To Forrest Shephard, getting away to the family’s beach house with her parents and her brother, Brian, is the best part of every summer. Until this year, when her mother invites Brian’s obnoxious girlfriend, Olivia, to join them. Suddenly, Forrest’s relaxing vacation becomes a mission to verify the reality of Olivia’s rumored eating disorder. But the truth behind Olivia’s finicky eating isn’t at all what Forrest expected. And over the next thirty days, Forrest’s world is turned upside down as her family’s darkest secrets begin to come to light.
When I saw Thirty Sunsets in the Flux catalogue and later on NetGalley, it sounded like it might be an interesting novel. But from the synopsis I’d expected a far different book than I got. That isn’t to say that this is a bad thing, but it was surprising. Note that this review will have spoilers as you can’t really talk meaningfully about this book without giving them. If you want to remain unspoiled for this book, best not continue on, because here be SPOILERS!
Thirty Sunsets is told from the first person perspective of Forrest Shephard, a sixteen-year-old young woman, who has come to accept that she isn’t one of the popular crowd at school, even if her big brother is and everything looked set for her to be the same. But Forrest is a bit of a braniac and as such if not an outcast, at least on the periphery of the social sphere at school. Yet even if Forrest is our narrator and protagonist, the true focus of the book is the relationship between the various members of the Shephard family. Forrest worships her big brother Brian and as such has a major chip on her shoulder regarding his girlfriend, especially as she sees Olivia as the cause of every one of Brian’s bad decisions. There are some interesting secrets being kept from Forrest by her parents and her brother, secrets that will put everything she’s taken for granted in a new light.
Deriso spends time building up the close relationship between the Shephards. It’s there in the little things, such as the word game between Forrest and her editor dad, where he’ll fire off an obscure or difficult word and Forrest gives the definition, her pride in her brother, and the unspoken – if spiky – communication between Forrest and her mum. This close bond is emphasised by the sense of intrusion that Forrest feels when Brian’s girlfriend Olivia is invited along to their annual summer stay at their beach house, loving called Spackle Beach. Forrest is angry and feels betrayed, especially since she thought her mum shared her dislike of Olivia.
Once at Spackle Beach, Olivia drives Forrest nuts, between her picky eating and constant throwing up and her brother’s doting on her every whim. It also seems to corroborate the rumour that Olivia has bulimia. Yet despite this, slowly Olivia thaws Forrest’s icy demeanour towards her. And when Forrest flat out asks her about a possible eating disorder and Olivia reveals she’s pregnant, Forrest starts to see her in a different light. I liked the way Forrest’s attitude towards Olivia shifts from outright hostility to grudging respect to sincere friendship, even if, certainly at first, the shift seem a little fast. What I also liked is that through talking to Olivia Forrest learns that the way she feels about herself and how she thinks people regard her, isn’t necessarily how others actually see her.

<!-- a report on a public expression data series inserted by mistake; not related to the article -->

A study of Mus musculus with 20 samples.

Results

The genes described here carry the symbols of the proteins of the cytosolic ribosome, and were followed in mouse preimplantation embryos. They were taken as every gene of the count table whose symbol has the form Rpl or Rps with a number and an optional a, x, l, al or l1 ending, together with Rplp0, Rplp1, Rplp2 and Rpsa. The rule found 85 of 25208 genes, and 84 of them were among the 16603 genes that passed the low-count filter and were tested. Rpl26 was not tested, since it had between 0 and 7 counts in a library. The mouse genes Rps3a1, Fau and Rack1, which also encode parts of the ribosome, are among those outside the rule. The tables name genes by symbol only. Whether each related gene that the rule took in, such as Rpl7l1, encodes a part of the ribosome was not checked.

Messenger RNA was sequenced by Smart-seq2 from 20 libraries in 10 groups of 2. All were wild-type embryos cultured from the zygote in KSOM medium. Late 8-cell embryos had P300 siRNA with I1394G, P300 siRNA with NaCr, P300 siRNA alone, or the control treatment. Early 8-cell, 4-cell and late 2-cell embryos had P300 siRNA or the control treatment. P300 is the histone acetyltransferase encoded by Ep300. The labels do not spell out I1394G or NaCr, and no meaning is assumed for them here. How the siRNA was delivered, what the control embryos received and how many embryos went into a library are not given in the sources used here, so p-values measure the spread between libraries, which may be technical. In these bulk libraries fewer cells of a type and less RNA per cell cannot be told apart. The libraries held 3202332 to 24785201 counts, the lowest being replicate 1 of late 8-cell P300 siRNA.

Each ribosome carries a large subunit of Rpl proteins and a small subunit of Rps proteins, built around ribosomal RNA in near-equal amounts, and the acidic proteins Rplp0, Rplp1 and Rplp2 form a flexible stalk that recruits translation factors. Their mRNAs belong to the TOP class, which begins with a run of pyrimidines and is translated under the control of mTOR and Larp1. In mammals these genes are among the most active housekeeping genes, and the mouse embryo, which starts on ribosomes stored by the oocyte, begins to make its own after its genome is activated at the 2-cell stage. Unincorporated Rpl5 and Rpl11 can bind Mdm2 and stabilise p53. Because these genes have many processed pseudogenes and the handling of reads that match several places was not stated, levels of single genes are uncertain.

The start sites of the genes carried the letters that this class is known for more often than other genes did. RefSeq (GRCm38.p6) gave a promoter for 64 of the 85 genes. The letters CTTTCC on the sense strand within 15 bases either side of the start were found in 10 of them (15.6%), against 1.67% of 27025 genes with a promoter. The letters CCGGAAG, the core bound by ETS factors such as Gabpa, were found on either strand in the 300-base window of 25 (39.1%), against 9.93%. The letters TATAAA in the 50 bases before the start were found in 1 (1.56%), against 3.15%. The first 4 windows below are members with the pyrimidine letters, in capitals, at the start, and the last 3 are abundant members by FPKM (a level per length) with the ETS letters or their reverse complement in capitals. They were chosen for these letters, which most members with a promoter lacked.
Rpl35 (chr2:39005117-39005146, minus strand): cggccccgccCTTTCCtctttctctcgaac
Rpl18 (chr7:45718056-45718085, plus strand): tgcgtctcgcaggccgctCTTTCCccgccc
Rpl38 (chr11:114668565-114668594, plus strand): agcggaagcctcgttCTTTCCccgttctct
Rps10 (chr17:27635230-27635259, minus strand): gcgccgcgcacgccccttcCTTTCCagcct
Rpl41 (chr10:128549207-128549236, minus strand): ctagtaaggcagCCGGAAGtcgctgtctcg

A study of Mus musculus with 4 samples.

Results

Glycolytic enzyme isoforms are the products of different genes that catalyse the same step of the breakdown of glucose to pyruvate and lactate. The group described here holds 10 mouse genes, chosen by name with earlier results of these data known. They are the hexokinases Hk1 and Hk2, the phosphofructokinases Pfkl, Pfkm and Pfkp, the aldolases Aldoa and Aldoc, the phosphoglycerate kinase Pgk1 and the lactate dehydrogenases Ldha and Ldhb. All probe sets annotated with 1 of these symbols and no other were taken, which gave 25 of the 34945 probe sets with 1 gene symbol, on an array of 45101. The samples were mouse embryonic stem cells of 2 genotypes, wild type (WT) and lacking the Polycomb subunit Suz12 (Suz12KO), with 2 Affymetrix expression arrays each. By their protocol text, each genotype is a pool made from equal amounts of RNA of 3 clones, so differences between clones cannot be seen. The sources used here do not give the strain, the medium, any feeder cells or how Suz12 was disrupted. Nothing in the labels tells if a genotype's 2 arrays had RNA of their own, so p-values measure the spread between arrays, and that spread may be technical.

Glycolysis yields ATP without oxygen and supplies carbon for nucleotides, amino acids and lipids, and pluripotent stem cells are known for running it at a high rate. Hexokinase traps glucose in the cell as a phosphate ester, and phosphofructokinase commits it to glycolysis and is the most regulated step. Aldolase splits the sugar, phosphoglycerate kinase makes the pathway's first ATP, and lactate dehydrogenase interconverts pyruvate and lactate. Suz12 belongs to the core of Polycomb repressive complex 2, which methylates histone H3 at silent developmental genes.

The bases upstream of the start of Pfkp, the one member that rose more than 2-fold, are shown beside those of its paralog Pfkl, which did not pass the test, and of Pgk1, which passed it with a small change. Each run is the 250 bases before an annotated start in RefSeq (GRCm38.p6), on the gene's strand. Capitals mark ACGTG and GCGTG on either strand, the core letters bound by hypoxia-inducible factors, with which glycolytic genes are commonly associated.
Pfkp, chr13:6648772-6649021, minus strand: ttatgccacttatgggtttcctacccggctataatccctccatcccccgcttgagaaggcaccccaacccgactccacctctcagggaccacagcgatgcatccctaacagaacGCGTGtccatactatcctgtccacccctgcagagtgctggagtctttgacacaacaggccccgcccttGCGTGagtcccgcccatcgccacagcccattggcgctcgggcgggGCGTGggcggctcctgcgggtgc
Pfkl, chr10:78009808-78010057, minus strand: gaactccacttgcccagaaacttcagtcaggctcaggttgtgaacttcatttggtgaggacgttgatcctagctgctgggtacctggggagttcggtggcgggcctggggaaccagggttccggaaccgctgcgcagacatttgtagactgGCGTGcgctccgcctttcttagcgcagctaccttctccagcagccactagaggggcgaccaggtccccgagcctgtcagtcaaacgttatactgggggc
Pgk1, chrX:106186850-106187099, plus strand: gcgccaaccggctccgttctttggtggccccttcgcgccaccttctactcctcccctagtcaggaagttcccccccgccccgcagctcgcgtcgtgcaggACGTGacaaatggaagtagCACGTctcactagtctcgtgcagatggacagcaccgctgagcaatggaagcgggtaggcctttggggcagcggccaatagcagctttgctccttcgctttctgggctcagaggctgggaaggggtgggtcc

Learning that her brother is going to be a father is a shock to Forrest and it’s obviously also a shock for their parents, as Brian and Olivia have only just graduated high school. Deriso shows the period of adjustment for all of them, except for Brian and Olivia who have already processed the shock and are now determined to keep their baby and do right by them. It also makes Forrest doubly determined to be like other girls and finally get a boyfriend. Fate seems to conspire with her by throwing the gorgeous Scott into her lap. Handsome, charming and glib, Scott zeroes in on her and sweeps her off her feet. He’s a player and when Forrest tells him to leave her alone, he doesn’t take no for an answer and assaults her, she barely escapes being raped. Her parents are wonderfully supportive, yet Forrest’s assault reveals their final big family secret, one that thus far had remained secret, but one that explains the strange behaviour of Forrest’s family in one fell swoop: Brian is her half-brother and he was conceived through rape.
It was at this point that the narrative lost me a little as it felt a little too much; how much can happen to one family? Then again, perhaps that is life and events in the past have indirectly influenced current events. Still, it jarred me out of the story and it was hard to be fully immersed in it afterwards. This was reinforced by the resolution to prosecuting Scott’s assault of Forrest. It disappointed me as it felt like the easy way out. Obviously it allowed for all the threads to be neatly tied off in one novel, but felt more dissatisfying than it would have been if left open.
Despite my disappointment with that ending, the epilogue more than made up for it and closed the book on a hopeful note. I felt that Deriso handled some very difficult situations with care and consideration and makes it doubly clear that rape (or attempted rape) is never the victim’s fault, but always the perpetrator’s. I think this is an important message to get across to teens – and adults, for that matter – and Thirty Sunsets certainly delivers it.
This book was provided for review by the publisher.